Happy October! This month means it’s time for plenty of horror film viewing and content. Along with all the usual horror films out there, there’s also a wealth of horror comedy content. From Abbott and Costello Meet Frankenstein to Shaun of the Dead, the two have always mixed well. Familiar tropes are played upon for comedy, genres are parodied. The two often make a perfect match, and that’s not even counting the horror films that provide unintentional comedy. But what are the origins for this genre mashup?

1932’s The Old Dark House may be the most highly regarded early example. Directed by a top horror man of his day, James Wale, the film works as both a horror film and a dark comedy. But also interesting is that it manages to parody the old dark house style of horror film, with the tropes of that type of film already well established by 1932. Even this film wasn’t the first to do that.

The Cat and the Canary (1927) features a standard old dark house plot, where a family must spend the night in a haunted mansion in order to get an inheritance. Based on a black comedy play, the humor remained in this film version. The play would serve as the basis for three more direct adaptations in the 30s, and The Laurel and Hardy Murder Case (1930) seems to have taken some inspiration from the idea as well.

In fact, comedy horror films adapted from stage plays was quite common around this time. The Gorilla, another old dark house play, premiered on Broadway in 1925. Film adaptations were made in 1927, 1930 and 1939. The 1930 version featured Walter Pidgeon. The film is lost, so the world may never get to see Mr. Gruffydd stalked by a man in a gorilla suit again. The Monster (1925) and The Bat (1926) were also adaptations of black comedy plays. 1925 also featured an early direct parody, the Stan Laurel vehicle Dr. Pryckle and Mr. Pryde.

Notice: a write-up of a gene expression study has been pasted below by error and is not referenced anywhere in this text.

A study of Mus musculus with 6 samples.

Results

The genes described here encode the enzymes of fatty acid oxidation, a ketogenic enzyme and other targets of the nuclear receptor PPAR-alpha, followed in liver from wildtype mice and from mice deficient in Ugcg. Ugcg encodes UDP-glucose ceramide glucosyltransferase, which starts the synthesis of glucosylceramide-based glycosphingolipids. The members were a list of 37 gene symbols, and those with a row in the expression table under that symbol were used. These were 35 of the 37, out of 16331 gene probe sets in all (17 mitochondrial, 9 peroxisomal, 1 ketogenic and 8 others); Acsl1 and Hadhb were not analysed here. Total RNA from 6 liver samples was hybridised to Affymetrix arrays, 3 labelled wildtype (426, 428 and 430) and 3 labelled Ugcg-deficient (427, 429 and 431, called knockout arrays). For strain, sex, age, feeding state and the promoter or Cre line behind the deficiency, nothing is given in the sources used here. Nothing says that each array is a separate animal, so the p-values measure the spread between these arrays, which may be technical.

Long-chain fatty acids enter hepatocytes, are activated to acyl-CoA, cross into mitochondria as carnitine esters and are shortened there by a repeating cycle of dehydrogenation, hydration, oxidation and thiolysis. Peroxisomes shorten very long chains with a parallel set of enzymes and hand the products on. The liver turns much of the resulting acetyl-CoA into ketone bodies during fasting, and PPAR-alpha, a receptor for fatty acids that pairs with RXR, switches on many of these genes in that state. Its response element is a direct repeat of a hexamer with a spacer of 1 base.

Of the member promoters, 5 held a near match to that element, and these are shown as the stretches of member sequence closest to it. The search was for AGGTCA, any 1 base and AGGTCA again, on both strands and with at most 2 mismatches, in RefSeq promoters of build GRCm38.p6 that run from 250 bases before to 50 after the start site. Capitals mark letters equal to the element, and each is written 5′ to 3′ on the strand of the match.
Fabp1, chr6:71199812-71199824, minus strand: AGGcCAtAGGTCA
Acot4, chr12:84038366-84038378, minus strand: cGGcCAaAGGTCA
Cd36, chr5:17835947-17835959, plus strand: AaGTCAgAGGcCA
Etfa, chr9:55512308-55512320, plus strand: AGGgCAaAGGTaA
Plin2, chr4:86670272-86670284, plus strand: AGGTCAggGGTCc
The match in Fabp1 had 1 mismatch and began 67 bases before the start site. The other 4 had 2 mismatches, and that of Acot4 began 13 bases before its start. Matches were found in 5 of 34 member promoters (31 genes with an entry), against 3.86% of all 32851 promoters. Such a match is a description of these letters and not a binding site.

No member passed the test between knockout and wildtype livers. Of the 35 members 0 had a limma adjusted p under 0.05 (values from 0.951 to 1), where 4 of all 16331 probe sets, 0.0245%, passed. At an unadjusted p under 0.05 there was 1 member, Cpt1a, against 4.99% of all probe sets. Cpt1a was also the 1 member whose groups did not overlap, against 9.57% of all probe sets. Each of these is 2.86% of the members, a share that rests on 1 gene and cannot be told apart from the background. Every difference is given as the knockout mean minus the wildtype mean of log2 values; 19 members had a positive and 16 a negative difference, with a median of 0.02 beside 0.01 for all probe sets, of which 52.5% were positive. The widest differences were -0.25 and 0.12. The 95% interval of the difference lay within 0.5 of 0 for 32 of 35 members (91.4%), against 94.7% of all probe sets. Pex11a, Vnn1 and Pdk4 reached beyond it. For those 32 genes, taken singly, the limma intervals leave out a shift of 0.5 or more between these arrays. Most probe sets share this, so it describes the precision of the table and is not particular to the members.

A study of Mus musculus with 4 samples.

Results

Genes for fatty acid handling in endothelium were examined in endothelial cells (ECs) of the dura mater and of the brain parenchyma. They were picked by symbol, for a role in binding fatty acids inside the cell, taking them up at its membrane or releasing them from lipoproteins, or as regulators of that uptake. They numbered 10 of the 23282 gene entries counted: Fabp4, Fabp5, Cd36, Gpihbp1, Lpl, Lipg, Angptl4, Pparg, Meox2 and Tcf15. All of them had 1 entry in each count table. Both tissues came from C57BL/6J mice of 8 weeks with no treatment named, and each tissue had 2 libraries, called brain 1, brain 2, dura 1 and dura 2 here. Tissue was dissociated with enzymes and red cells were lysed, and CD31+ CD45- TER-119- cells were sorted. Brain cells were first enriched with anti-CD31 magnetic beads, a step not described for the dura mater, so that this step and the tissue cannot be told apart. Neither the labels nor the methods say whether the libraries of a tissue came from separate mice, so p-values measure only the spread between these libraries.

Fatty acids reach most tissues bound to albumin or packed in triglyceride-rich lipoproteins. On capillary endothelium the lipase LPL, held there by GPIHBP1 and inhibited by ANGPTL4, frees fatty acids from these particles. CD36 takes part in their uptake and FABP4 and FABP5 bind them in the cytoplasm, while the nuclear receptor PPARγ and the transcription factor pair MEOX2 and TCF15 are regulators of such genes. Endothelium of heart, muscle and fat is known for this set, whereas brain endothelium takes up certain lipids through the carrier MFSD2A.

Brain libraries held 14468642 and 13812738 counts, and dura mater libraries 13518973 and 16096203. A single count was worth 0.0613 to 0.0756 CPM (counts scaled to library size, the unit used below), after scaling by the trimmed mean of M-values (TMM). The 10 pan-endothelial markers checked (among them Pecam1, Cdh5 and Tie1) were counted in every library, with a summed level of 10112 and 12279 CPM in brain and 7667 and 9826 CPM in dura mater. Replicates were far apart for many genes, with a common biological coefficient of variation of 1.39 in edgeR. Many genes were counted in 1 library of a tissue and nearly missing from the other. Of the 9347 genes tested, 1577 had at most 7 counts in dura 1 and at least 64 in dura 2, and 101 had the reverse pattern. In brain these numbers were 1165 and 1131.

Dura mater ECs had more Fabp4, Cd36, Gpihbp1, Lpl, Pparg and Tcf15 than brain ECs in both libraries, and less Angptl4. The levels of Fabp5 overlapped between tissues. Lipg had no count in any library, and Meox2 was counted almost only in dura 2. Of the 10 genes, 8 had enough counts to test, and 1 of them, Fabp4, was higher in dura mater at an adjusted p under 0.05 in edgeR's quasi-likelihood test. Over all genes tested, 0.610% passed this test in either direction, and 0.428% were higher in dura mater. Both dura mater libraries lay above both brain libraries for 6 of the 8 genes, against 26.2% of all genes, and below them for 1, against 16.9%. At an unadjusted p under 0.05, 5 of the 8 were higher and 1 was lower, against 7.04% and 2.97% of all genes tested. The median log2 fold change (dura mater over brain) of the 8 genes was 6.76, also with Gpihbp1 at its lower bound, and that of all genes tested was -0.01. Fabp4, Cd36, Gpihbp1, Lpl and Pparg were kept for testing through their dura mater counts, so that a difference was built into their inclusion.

It’s hard to say for sure, but the earliest feature length horror comedy might be The Ghost Breaker. The question is which version of the film was the first comedy. The play was adapted in 1914 and 1922, both of which are now lost. The 1922 version was definitely made as a comedy and marketed as such. The 1914 version is much sparser in the area of information. Most sources list it is as a drama. And seeing as it was directed by Cecil B. DeMille and starred HB Warner, it probably wouldn’t have been a barrel of laughs even if they tried.

But what is the actual first example of horror comedy? Like so many other things, the answer may lie with Georges Méliès. Many of his earliest “trick” films, along with the work of others around the time, could certainly be considered a mix of horror and comedy. As far back as The Bewitched Inn (1897) and A Midnight Episode (1899), Méliès used elements of the supernatural to create comedic effects in his films. And he wasn’t the only one either. The Haunted House (1899) and The Haunted Curiosity Shop (1900) are works by other directors that also fall along the same lines. So where did this mashup and horror of comedy begin? It shouldn’t be a surprise that this also goes right back to the beginning of film itself.